Mankind's Greatest Invention
"Surely mankind's greatest invention is the sentence." So begins John Banville's essay on Robert C. Richardson's books on Emerson, in what has to be my favorite quote of recent years, perhaps of all time.
When you're a writer, no matter how famous or obscure, whether you're one of the handful anointed by income or crowned by royalties to bear the title of writer, or you're a wretch like me, insultingly underpaid for squeezing into dubious forms, sooner or later, what gives you the buzz and the meaning, is a sentence you see and hear that you've written.
Oh sure, some get off on paragraphs, and there's the lucky few that get to play with chapters or scenes, and whole books, plays, sagas. But even they share the secret (and often secretive) gleam of a shining sentence, appearing under their fingers.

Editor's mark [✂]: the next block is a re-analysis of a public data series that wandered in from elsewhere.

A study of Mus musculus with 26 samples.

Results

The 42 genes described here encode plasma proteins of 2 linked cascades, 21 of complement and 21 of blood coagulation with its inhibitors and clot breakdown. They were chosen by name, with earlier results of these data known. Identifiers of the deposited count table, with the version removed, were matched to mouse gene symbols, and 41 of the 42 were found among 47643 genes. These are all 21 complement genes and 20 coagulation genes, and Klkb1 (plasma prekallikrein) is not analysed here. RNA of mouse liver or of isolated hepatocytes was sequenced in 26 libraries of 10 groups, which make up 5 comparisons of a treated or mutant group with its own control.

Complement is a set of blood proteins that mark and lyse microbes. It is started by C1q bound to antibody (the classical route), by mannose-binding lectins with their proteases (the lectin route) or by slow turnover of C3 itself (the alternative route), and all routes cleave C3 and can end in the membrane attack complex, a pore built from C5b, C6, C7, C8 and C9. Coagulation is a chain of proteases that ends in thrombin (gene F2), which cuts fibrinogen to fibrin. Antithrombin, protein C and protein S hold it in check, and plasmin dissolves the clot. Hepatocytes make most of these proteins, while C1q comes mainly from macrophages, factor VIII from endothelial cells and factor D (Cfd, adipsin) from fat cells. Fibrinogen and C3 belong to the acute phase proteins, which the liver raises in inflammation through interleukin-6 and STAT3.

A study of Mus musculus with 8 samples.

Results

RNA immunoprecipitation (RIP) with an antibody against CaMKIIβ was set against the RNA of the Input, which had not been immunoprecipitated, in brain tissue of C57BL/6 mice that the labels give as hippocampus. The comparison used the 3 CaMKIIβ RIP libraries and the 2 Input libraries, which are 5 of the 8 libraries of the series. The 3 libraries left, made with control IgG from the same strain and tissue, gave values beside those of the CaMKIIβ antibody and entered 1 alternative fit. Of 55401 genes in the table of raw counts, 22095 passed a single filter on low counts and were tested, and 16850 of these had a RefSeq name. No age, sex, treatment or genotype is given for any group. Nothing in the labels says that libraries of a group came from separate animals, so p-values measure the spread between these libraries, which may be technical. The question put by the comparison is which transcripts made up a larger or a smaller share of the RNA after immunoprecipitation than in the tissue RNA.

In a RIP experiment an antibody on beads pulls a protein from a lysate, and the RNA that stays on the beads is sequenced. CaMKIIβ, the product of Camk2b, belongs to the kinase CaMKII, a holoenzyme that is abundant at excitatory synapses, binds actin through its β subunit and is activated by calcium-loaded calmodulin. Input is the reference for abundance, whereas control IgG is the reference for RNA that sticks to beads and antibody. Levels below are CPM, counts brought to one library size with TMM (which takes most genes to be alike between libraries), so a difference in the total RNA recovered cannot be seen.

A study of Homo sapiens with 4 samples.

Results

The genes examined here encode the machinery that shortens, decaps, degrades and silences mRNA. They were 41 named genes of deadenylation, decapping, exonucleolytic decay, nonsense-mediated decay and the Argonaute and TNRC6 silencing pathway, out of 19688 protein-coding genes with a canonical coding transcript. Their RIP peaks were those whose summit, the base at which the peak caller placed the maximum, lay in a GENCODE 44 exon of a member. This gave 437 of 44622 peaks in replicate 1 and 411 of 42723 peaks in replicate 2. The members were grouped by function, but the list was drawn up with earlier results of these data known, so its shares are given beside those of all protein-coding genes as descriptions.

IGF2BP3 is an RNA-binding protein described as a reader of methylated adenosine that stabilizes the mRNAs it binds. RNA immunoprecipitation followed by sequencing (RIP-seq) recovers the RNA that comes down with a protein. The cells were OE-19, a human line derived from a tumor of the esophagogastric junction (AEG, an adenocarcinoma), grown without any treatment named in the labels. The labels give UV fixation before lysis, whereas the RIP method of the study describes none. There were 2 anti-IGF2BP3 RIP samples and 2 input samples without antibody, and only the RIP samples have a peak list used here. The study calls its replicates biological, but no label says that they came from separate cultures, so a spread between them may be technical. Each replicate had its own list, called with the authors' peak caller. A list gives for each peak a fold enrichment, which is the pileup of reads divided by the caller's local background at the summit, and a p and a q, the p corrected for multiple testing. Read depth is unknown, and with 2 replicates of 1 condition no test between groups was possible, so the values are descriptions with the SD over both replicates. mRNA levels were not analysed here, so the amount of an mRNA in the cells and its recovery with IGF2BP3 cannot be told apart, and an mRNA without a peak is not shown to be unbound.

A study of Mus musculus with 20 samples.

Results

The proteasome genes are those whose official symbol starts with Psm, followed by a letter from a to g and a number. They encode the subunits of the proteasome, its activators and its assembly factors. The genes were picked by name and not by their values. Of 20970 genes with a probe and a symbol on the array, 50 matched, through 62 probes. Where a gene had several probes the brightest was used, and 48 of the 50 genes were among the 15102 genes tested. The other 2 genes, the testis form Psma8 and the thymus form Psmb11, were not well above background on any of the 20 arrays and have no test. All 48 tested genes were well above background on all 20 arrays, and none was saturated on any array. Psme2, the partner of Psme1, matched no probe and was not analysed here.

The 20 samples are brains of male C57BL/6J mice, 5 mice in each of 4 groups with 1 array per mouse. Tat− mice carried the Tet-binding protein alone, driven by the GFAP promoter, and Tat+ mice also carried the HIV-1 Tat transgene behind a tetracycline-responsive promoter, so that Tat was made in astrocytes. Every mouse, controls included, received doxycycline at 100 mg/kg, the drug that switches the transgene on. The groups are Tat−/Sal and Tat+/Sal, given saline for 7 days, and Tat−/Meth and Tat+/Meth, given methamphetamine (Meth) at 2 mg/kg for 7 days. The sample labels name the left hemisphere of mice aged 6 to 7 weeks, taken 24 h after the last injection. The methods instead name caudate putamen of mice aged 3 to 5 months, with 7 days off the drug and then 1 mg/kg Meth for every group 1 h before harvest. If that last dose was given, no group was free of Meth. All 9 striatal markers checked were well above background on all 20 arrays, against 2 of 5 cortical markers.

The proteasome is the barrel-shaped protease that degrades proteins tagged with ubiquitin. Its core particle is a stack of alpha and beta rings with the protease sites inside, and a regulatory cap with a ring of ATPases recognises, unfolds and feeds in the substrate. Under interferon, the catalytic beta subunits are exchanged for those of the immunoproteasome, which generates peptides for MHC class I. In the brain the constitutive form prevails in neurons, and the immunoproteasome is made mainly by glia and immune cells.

I wrote a review of a book about a writer who made very good sentences: Jane Austen. And in it I wrote a pretty nifty sentence, at least I like it. And for once I will violate the code and call your attention to it. It is mere cleverness maybe, but it is musical and funny, with a touch of cultural wit at the center. Or maybe it's just cute, I don't care. These days I must take my pleasure where I can. And pointing out a really elegant sentence is forbidden. That's up to readers to discover, and if they don't, well, everybody loses.
So in connection with Jane Austen's journey from obscurity in life to Jane-mania in the 21st century, I wrote this: She has the fame of the single name: absent Tarzan, she is our only Jane.
Good. Now I can put the clipping away with all the other forgotten sentences, and make some more.